Over 200 migratory birds found dead in Mah; bird flu ruled out
Aurangabad, Maharashtra, Feb 24 (UNI) Over 200 migratory 'shank' birds of red and green variety, were found dead in a lake at Gandheli near here in Central Maharashtra even as the animal husbandry department ruled out any symptoms of bird flu in them.
A post-mortem report, conducted by the Animal Husbandry department (AHD), has revealed that the birds died of pneumonia, AHD Deputy Commissioner J M Doiphode said adding ''no symptoms of bird flu were found in the migratory birds.'' However, samples of their viscera have been sent to the disease investigation section of the state government laboratory at Aundh in Pune and Bhopal-based High Security Animal Disease Laboratory, he said.
A sample of live bird is also being sent to the Bhopal laboratory, Mr Doiphode added.
The AHD team has also collected water samples to verify the doubts whether the birds died of contaminated water, he said.
The birds have been dying for the last few days and the Animal Husbandry department (AHD) team rushed the spot last evening when an alert villager informed them about the deaths, officials said.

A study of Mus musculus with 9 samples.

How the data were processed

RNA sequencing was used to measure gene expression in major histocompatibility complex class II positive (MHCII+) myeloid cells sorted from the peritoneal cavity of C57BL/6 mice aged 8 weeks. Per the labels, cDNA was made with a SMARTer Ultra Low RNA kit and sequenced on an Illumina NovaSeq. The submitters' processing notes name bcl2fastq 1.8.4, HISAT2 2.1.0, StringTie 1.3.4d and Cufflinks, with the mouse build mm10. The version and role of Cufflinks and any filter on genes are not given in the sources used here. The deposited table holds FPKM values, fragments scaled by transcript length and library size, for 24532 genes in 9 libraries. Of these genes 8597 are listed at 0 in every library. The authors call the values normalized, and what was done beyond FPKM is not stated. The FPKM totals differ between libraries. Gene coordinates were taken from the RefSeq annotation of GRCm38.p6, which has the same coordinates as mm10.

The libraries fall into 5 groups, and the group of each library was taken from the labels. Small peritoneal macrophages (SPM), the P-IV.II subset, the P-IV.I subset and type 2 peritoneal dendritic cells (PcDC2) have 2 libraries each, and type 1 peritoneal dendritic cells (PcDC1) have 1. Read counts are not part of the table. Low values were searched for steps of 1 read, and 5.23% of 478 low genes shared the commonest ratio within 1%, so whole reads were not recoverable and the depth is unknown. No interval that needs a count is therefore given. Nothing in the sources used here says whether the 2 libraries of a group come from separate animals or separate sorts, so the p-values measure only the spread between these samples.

The officials also said these birds, normally found in the hilly Ladakh region as well as in Europe, mights have died over a period of a week or so.
When contacted, ornithologist Dilip Yardi, who had visited the Gandheli lake today attributed the deaths of the birds to a suspected 'poisoning'.
Meanwhile, Nisarg Mitra Mandal Aurangabad founder president Prof Vijay Diwan ruled out a possibility of 'bird-flu' behind the deaths of the migratory birds.
''Many of the other birds were found completely fine near the lake, which indicates that there is no possibility of bird flu,'' Mr Diwan argued.
According to him, the delay in departure of these migratory birds may be one of the reason of their deaths. Since the mercury has been rising in the region now, the birds might have died of high temperature, he said.
He also said, of these two varities, red shanks migrate to India mainly from Europe and green shanks from Tibet as well as Ladakh, after an acute cold followed by a snow-fall there. These birds find the Indian winter climate more suitable.
However, they usually start their return journey before summer, he added.
Meanwhile, a four member team of ornithologists from the city rushed the lake to take stock of the situation.
The team is expected to collect water samples separately.